Bright screens: The wound elements of the “Elytra Filament Pavilion” in the courtyard of the Victoria and Albert Museum in London

Stylepark Techtextil
Fibers and Meshes

Four buildings in four very different places world-wide reveal the amazing potential high-tech fibers offers for architecture.
by Ralf Wollheim | 4/9/2017

Four astonishingly light structures reveal how cutting-edge high-tech textiles can be used in construction. These prototypes could well change architecture ere long. Undreamt-of shapes, and especially lightweight structures are expanding architecture’s spectrum. And for all the elegance of the designs, these fibers pave the way for new forms of energy and material efficiency. The high-tech fiber structures, in places coiled or plaited, were almost always designed by interdisciplinary teams who relied on special digital programming – even if in each case the final result looks extremely simple.

Down to earth: Kengo Kuma used a carbon anchoring to make a Japanese office building earthquake proof.

Earthquake-proof with carbon

Kenzo Kuma made Japanese textile manufacturer’s office building earthquake-proof – with interwoven carbon fibers. Guyed struts cloak the former office building, which nowadays serves as the firm’s showroom. From afar they look like cables, which give rise to a breezy white curtain, but the poetic impression is deceptive. The carbon struts with a thermoplastic resin coating replace more elaborate struts and in this way, protect the building from seismic vibrations. On the inside, diagonally positioned struts ensure the subsequent stabilization of supporting walls – far lighter than steel or concrete.

High-tech honeycomb: the screen-like elements of the “Elytra Filament Pavilion” were woven by a robot in situ.

The coiled construction

Only biologists know what is behind the mysterious name Elytra Filament Pavilion. The elytra – the hardened and thickened forewings of many beetles –served as the basis for materials used for the pavilion. It was erected as a temporary installation in an interior courtyard at the Victoria and Albert Museum in London, where it protected visitors to a café from inclement weather. The 200-square meter structure was produced on site by a robot, which wound resin-saturated glass and carbon-fiber blanks around hexagonal scaffolds. These fiber strands formed robust, arched surfaces so light that all the pavilion’s honeycombs together weigh in at just about 2.5 tons. Polycarbonate panels are used for the transparent roof over this extraordinary pavilion. The project, which combines bionics and robotics, was conducted by the University of Stuttgart and is currently on display in Weil am Rhein.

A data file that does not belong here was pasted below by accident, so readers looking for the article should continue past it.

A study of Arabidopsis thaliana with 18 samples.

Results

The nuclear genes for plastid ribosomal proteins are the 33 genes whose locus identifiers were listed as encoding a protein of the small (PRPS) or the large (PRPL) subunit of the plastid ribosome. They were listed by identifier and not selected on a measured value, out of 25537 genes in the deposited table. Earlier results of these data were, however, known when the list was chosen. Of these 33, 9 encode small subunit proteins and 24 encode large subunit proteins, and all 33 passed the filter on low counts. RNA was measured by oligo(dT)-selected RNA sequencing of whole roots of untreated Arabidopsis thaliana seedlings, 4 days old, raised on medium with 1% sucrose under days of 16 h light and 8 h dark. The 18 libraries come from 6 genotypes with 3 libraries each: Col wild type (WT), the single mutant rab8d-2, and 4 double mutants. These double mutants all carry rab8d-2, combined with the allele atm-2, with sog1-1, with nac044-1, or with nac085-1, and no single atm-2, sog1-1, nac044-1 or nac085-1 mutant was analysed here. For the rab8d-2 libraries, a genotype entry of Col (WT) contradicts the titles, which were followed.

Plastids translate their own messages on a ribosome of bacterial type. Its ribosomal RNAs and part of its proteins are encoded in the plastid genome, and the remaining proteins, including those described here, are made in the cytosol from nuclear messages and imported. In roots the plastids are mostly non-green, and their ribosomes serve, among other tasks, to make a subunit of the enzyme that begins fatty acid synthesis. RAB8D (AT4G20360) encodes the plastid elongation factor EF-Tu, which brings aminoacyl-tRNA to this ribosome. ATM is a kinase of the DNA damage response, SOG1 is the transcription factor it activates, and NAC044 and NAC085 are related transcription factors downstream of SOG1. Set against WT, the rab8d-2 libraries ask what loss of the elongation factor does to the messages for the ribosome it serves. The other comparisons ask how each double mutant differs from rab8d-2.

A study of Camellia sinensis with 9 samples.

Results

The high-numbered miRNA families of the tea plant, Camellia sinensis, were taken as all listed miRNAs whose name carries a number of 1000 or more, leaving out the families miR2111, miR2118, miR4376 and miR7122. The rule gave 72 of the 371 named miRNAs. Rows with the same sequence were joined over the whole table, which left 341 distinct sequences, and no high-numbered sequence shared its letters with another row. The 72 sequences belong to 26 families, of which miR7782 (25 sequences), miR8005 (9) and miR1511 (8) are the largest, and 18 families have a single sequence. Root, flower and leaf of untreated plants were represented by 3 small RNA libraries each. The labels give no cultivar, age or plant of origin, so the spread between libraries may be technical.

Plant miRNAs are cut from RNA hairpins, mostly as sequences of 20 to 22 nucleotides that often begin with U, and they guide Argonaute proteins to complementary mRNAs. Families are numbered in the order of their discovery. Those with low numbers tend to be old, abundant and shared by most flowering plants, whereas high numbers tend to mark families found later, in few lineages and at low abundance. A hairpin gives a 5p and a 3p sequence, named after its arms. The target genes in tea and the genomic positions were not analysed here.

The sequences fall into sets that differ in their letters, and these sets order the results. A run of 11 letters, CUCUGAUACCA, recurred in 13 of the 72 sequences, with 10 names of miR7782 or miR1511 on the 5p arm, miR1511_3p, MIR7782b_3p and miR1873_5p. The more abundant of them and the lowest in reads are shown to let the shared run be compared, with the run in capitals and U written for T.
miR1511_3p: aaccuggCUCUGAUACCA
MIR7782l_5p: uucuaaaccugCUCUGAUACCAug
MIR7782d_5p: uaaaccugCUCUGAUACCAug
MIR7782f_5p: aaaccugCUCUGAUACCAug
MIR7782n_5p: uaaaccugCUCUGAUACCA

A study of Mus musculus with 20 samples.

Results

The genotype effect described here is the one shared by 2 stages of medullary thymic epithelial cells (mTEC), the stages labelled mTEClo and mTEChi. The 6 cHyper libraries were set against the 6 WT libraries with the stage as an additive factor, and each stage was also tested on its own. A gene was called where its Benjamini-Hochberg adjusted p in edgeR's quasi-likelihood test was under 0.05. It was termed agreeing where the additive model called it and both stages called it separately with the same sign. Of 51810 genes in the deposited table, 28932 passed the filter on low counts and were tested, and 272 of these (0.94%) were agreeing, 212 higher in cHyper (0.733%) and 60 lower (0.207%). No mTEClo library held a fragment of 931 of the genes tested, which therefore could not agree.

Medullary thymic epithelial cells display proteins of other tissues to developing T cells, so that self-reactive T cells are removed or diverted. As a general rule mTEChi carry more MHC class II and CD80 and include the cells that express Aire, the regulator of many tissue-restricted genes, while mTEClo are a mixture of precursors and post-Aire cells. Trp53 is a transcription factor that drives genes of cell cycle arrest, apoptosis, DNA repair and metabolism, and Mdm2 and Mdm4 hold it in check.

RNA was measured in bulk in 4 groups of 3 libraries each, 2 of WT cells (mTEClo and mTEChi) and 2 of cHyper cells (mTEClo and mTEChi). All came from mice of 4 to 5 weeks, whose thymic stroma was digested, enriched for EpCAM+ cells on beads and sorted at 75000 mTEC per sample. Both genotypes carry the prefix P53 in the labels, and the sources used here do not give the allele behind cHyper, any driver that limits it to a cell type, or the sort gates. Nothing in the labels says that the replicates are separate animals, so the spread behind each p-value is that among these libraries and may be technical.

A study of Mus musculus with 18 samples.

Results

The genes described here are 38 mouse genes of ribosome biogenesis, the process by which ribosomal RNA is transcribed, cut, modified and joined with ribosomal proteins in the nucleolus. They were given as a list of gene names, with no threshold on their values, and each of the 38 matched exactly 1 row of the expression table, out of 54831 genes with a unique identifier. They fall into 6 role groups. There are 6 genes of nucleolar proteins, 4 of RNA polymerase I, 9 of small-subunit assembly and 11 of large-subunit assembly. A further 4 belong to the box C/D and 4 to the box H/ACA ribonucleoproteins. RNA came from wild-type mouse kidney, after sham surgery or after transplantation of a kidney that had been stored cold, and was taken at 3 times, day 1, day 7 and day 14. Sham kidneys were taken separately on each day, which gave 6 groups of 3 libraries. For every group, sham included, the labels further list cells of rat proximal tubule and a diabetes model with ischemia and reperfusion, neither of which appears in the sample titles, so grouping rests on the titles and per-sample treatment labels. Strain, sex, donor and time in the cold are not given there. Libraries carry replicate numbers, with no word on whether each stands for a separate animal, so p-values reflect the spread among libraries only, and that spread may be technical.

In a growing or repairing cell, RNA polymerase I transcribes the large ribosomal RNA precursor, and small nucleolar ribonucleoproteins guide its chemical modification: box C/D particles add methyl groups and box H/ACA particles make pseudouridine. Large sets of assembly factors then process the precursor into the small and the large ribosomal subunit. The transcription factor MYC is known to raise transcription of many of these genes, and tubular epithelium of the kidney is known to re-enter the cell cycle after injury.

Light cave: a rendering of Jenny Sabin Studio’s Lumen Pavilion for the PS1 in New York

Knitted light

The Lumen Pavilion in New York’s PS1, a branch of MoMA, will not open until summer 2017, but the renderings already available are fascinating. The winner of the Young Architects Program, Jenny Sabin Studio, will transform the entrance courtyard into a luminous labyrinth by means of knitted meshes, honeycombs, and columns. The high-tech textile stalactite cave will even be able to respond to visitors. The materials chosen are photo-luminescent, and respond to the visitors’ physical proximity. In addition, refreshing mists in the architectural organism will ensure a pleasant ambiance. Sabin Studio emphasizes that in the PS1 nothing will be hand-knitted; after all it has long since been conducting research into adaptive materials and digital fabrication, producing extraordinary architectures as a result.

Textile roof: The RWTH Aachen’s Experimantel Pavilion is spanned by a roof structure made of textile-reinforced concrete.

A pavilion made of textile concrete

A collaborative research project at RWTH Aachen University constructed a very special type of shell structure. Various institutes conducted joint research and realized the pavilion, which consists of four, canopy-like sections that are inter-linked. The double-curve seven-by-seven-meter concrete shells each rest on one support. This way the pavilion looks light and elegant, while concealing its actual qualities, as by using carbon fibers the concrete shells are extremely thin: In fact, they are a mere six centimeters thick and consist of 12 layers of carbon textile and fine-grained concrete, to which short-length fiberglass strands were added. The textile concrete canopy construction was originally meant to be just a prototype, was later given glass walls, and is now an inspirational learning space for prospective engineers in Aachen.